Obamacare seeks to reduce medical costs by 700 billion between 2013 and 2022. One of the ways the federal government plans to do that is through bundled Medicare payments.
Clinicians who don’t participate in bundled payment options will lose patients and revenues to competitors who do.
Bundling For Savings
One-fifth of the funding for Obamacare comes through savings obtained by reducing Medicare reimbursements, reducing the length of hospital stays and readmission rates, and bundling payments.
There’s also a push for in-home care to reduce expenses.
The Bundled Payment for Care Improvement Initiative was launched on Jan. 31, 2013 to grade the financial and treatment performance for patient care episodes utilizing a team care model.
With bundled payments, a team of healthcare professionals oversee a patient’s care and a dollar amount for reimbursement is assigned. The team is responsible for providing the patient with needed treatment, while remaining within the monetary target.
Teams are rewarded financially for accomplishing their goals. Clinicians that don’t choose to participate will lose the most as fees are cut.
Working With IPAB
The Independent Payment Advisory Board (IPAB) is a 15-member panel appointed by the president and charged with the task of finding ways to reduce medical costs. Any recommendations made by the board automatically become law unless Congress chooses to overrule.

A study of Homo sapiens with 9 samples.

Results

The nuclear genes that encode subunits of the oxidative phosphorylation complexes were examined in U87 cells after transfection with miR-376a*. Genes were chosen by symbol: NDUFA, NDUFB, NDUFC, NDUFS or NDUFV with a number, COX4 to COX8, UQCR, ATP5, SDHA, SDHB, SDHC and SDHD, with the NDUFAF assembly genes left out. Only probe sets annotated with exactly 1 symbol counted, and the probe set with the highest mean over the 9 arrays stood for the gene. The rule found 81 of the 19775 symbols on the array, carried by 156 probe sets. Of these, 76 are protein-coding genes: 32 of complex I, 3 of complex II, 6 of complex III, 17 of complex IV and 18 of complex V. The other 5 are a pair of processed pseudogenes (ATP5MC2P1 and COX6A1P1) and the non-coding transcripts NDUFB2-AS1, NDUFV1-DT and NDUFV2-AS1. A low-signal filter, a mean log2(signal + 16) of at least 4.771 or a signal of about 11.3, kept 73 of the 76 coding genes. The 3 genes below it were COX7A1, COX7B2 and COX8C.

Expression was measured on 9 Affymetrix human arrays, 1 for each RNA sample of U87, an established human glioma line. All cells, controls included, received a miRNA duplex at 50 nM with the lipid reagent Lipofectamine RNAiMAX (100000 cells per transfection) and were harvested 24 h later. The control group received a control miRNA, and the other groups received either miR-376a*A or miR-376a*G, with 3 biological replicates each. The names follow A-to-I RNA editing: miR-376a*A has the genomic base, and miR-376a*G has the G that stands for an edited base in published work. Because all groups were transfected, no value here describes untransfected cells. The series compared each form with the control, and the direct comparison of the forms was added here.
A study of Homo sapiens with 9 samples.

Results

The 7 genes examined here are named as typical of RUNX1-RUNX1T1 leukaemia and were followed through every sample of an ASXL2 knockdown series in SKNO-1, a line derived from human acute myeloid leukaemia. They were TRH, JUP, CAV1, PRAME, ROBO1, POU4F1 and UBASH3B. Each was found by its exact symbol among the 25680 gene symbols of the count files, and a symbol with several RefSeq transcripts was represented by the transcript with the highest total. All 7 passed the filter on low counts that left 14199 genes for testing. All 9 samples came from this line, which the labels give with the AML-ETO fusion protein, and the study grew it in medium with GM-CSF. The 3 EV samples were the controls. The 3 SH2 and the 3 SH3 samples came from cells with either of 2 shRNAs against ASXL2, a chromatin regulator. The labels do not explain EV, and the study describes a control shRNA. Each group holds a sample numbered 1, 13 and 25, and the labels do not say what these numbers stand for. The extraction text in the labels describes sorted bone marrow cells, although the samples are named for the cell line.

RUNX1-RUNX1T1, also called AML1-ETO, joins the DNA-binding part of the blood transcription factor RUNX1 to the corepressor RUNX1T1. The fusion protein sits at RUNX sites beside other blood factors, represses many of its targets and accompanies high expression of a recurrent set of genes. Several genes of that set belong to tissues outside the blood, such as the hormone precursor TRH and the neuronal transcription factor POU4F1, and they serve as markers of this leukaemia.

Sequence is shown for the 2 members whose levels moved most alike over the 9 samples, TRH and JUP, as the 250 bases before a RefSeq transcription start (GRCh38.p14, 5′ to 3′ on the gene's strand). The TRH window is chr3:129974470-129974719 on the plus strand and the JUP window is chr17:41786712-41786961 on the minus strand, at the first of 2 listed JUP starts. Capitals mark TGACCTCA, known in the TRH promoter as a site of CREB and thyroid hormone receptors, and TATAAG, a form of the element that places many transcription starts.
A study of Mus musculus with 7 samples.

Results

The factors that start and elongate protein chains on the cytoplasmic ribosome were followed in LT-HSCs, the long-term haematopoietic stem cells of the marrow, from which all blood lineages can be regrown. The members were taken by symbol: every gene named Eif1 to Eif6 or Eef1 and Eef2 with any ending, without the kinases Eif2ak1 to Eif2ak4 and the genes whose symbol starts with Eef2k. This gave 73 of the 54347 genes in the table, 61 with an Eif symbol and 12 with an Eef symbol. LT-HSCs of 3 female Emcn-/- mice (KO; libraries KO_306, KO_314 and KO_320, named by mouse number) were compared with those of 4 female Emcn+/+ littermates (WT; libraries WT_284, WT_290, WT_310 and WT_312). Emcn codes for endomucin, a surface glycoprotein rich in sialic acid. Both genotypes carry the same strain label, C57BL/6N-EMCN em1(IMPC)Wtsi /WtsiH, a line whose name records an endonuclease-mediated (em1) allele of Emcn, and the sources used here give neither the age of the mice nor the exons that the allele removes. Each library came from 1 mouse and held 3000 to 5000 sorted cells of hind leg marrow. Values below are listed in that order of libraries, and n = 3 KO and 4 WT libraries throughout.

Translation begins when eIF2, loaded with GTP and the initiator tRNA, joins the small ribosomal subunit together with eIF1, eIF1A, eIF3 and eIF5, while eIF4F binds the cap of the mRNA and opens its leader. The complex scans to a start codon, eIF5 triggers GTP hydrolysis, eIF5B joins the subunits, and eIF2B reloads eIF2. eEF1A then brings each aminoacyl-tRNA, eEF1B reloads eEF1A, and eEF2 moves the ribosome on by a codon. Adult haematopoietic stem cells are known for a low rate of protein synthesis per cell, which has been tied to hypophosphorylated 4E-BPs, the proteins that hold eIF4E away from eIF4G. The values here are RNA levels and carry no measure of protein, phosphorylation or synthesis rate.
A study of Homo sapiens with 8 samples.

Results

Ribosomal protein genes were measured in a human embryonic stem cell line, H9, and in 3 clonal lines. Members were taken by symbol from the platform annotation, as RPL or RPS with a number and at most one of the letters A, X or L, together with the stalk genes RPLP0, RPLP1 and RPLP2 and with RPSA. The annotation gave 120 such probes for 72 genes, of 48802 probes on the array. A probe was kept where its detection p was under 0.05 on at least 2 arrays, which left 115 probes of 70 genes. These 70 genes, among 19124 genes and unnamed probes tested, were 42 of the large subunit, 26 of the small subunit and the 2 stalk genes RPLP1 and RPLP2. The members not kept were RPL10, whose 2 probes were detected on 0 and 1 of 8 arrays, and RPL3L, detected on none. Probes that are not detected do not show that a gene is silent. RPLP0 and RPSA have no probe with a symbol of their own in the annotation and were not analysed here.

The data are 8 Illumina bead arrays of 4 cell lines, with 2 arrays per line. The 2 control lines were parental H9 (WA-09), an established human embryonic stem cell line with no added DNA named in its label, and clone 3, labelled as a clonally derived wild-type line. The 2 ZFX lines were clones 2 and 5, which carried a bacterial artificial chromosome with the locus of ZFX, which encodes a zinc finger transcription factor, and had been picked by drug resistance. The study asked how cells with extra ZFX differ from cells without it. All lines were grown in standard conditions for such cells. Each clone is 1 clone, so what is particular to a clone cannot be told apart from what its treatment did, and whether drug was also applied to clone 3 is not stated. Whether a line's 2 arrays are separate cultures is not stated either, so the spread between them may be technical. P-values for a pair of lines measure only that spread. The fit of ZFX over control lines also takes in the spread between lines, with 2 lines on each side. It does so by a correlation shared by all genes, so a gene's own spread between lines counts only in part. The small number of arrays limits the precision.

The board is a more powerful version of the Medicare Payment Advisory Commission.
There’s a big push by Obamacare to identify and evaluate treatment methods that are efficient and cost-effective. One of those techniques is by providing in-home care that employs technology to monitor a patient’s state of health in the home instead of at a hospital or care facility.
Depending on the type of monitoring being conducted, readings could be transmitted to a practitioner’s office electronically or could include home visits by a healthcare professional.
Unfortunately, it will also limit reimbursement revenues for clinicians who choose to offer independent care at their practice and not participate in a physician team for bundled care.
As the pressure to reduce costs associated with Medicare patients continues to increase, many medical professionals will find their choices are limited.
There are options, but all are untenable for those in private practice.